Charles Saatchi: The Reclusive Art Collector Behind a British Ruckus

  • Share
  • Read Later
Dave M. Benett / Getty Images

For a guy who has made dozens of artists famous, including Damien Hirst and Tracey Emin, Charles Saatchi is quite reclusive. This is usually a shrewd business move in the art market; talking too much can detract from the mystique of the work or the artist. But it’s a definite minus for a husband who is photographed with his hands at his wife’s throat, especially if that wife is famous.

In a series of photographs splashed all over the English speaking world via the Sunday Mirror, Saatchi and his wife, the TV cook Nigella Lawson, are clearly having an argument at their regular outside table at a London restaurant. In some of the shots, the former advertising mogul has his hands on Lawson’s throat. Whether or not this was an attack or an unconventionally “playful” way of having a tiff, as Saatchi later claimed, is unclear, but he did accept an official warning from London police for the apparent assault, according to the Associated Press.

This is not the first time Saatchi has been photographed putting his hands on his wife. In photos published by the Daily Mail in December, he covers her mouth as they discuss his book Babble, which came out in March. Lawson does not appear overly concerned, but in the more recent set, she is clearly in tears.

(MORE: 10 Questions for Nigella Lawson)

The problem for Saatchi is that the new photos lack context, not just as to what the argument was about, but more crucially as to the neck-holder himself. Face to face communication is clearly not Saatchi’s thing; he rarely gives interviews, preferring to speak through books, his newspaper column and the occasional question and answer session.

What most people know about Saatchi is that he was born in Baghdad just over 70 years ago, but raised mostly in England, where he founded an advertising agency with his brother Maurice. In the 80s, Saatchi & Saatchi was the world’s biggest and most famous advertising firm.

He started collecting art surprisingly young, in his 20s, at first mostly buying American artists like Sol Le Witt and Donald Judd, but pretty soon moving to more local artists. Having almost single handedly created the Yong British Artists movement—which was not averse to shock value—he more recently has said that “my dark little secret is that I don’t actually believe many people in the art world have much feeling for art.” He’s estimated to be squarely in Britain’s 1%, among the 500 richest men in the country.

In his book-length or online question and answer sessions (he appears to have cribbed some material for one of his books Be the Worst You Can Be: Life’s Too Long for Patience & Virtue from a series he did online), he displays an adman’s flair for the witty turn of phrase but a very wide curmudgeonly and oddball streak. He is, he says, “narcolepsically” easily bored. He notes that “if heroin could be offered in more convenient capsule or liquid form, and be easily available at [grocery stores], that would be a considerable boon.”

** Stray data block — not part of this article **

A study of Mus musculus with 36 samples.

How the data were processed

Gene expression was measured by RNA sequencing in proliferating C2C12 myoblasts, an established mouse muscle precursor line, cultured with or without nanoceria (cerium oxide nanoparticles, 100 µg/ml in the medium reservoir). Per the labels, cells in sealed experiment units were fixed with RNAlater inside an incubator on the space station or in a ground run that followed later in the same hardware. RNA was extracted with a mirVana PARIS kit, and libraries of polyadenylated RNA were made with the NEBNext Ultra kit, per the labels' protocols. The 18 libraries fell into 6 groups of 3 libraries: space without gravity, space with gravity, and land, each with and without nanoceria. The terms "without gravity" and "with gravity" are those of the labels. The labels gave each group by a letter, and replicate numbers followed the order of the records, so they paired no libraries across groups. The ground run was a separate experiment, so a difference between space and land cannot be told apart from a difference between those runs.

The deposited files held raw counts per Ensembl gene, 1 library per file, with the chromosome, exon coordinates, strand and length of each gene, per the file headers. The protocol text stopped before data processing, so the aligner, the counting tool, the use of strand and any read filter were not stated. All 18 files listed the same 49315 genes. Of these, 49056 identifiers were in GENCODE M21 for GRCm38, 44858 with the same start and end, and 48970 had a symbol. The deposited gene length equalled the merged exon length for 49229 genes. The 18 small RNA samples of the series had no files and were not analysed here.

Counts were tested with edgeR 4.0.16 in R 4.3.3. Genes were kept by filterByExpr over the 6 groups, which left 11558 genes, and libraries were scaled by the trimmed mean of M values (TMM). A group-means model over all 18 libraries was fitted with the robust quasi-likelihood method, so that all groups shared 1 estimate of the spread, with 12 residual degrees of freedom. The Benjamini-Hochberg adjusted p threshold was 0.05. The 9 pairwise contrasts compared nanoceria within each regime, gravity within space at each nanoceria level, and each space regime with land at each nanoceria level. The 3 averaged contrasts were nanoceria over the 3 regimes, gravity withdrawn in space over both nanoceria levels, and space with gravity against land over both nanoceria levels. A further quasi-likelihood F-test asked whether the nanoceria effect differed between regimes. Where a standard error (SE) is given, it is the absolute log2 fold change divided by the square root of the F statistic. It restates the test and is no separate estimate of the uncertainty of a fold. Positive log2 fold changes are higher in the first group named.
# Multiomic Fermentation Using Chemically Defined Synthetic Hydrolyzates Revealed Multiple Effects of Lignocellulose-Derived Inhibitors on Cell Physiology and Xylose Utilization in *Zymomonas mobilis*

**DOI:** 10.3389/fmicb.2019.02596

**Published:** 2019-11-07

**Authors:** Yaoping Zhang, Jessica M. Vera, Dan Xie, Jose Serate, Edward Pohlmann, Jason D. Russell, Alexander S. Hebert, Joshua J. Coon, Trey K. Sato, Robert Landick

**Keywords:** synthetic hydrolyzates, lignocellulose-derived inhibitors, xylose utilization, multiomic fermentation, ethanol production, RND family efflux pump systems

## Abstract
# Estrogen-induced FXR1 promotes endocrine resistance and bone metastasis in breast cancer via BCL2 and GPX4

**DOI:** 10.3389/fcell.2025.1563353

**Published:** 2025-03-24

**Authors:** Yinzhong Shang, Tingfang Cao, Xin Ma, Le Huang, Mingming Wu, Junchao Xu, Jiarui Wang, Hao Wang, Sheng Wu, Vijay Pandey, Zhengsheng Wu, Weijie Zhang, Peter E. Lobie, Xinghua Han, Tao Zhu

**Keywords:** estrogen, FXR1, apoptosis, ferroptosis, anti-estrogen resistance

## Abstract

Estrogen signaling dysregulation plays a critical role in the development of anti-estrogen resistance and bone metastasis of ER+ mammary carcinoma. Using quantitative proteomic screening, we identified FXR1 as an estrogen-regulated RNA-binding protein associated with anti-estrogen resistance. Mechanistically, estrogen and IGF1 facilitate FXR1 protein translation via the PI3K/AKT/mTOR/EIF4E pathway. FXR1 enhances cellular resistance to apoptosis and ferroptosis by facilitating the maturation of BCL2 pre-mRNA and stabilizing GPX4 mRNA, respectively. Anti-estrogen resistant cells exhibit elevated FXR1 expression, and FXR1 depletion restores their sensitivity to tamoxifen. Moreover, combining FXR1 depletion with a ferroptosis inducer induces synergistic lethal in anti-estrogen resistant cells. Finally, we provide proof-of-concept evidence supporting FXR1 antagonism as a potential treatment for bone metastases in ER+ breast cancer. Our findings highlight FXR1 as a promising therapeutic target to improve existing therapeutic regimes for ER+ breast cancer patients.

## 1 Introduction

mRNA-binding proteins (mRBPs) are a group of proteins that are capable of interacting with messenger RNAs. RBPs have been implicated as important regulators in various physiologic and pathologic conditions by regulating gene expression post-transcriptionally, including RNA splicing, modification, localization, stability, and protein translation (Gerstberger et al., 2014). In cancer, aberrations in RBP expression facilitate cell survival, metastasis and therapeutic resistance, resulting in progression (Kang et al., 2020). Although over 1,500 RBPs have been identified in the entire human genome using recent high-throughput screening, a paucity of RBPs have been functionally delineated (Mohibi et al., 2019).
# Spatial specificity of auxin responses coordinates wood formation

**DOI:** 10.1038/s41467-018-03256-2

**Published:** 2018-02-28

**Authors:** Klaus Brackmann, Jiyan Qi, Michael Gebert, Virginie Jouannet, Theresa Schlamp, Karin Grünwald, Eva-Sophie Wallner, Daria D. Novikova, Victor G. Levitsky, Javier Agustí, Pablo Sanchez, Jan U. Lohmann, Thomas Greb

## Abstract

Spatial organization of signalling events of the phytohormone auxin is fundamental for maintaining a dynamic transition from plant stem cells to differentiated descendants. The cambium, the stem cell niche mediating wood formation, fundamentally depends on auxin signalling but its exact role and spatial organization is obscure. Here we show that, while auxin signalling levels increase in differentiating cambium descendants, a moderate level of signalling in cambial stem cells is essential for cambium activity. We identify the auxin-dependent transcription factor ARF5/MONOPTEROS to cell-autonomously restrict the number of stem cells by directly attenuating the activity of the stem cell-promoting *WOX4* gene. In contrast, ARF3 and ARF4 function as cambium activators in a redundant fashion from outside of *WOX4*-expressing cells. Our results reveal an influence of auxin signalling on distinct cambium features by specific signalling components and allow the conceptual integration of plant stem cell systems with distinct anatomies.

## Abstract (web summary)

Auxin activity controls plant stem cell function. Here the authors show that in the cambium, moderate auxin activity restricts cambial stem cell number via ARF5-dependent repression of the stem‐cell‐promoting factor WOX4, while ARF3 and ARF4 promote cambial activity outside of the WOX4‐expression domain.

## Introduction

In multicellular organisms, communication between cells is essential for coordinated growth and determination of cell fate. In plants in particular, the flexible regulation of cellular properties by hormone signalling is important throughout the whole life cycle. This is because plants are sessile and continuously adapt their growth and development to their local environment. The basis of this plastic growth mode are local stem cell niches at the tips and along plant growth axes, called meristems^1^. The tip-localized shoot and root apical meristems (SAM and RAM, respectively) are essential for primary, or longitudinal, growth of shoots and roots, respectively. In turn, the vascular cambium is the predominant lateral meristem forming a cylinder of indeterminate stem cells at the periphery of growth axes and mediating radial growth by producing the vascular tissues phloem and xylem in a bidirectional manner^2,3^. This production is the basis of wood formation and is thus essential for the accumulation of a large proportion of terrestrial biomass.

He once suspended a life-size rubber figure upside down in his bathroom so that those sitting on the toilet would come face to face with it.

(MORE: Damien Hirst Brings His Famous Spots to the Brit Award Statuettes)

He’s never been arrested but “that doesn’t mean I haven’t deserved to be,” he writes. “One of my ex-wives gave as her grounds for divorce my ‘unreasonable behaviour’. People get locked up for far less every day.” He admits to having a temper, especially with himself. “I have just screeched at myself for some stupidity or other, and would have head-butted me into a heap, if it were possible.”

And, in case there were any doubt, he admits to being aggressive: “My aim in life,” he wrote, “isn’t so much the pursuit of happiness as the happiness of pursuit.”

None of this is anything like proof that he meant to hurt his wife, just that he’s an odd duck. The British police are said to be looking at the photos to see if the incident warrants further investigation.

His marriage to Lawson is her second (her first husband died of cancer) and his third. And he seems to have positive, though slightly bizarre things to say about Lawson, whom he describes as “pneumatic.” “Nigella finds it rather common to be my third wife, and would have found it more chic to be my fifth,” he writes.  When asked about his favorite place, he responds “My bed, with its over-sized plasma screen at one end, and Nigella babbling away at the other.”

Nearly all of Saatchi’s interchanges seem designed to be impressive and deflective rather than informative and it’s possible he could just be massively shy. But absent a rounded public persona, popular opinion is running largely against him, especially since Lawson has always portrayed herself, successfully, as a domestic figure — a mother who cooks well, rather than a famous chef. Oh, and let’s not forget she’s a widow.

As for the wife in question, she doesn’t talk much about her famous husband. In a recent interview with Time, she declined to weigh in even on which of his artworks she likes.  “You know one of the things I would never answer is about the art in his collection. You know, I just wouldn’t,” she said. “I just feel… although he once said to me, ‘There is nothing you could cook that would be as good as just some Weetabix with sugar and milk,’ so I should retaliate really, but I found that very endearing.”

MORE: Saving Cork Street: Is London’s Historic Art District Under Threat?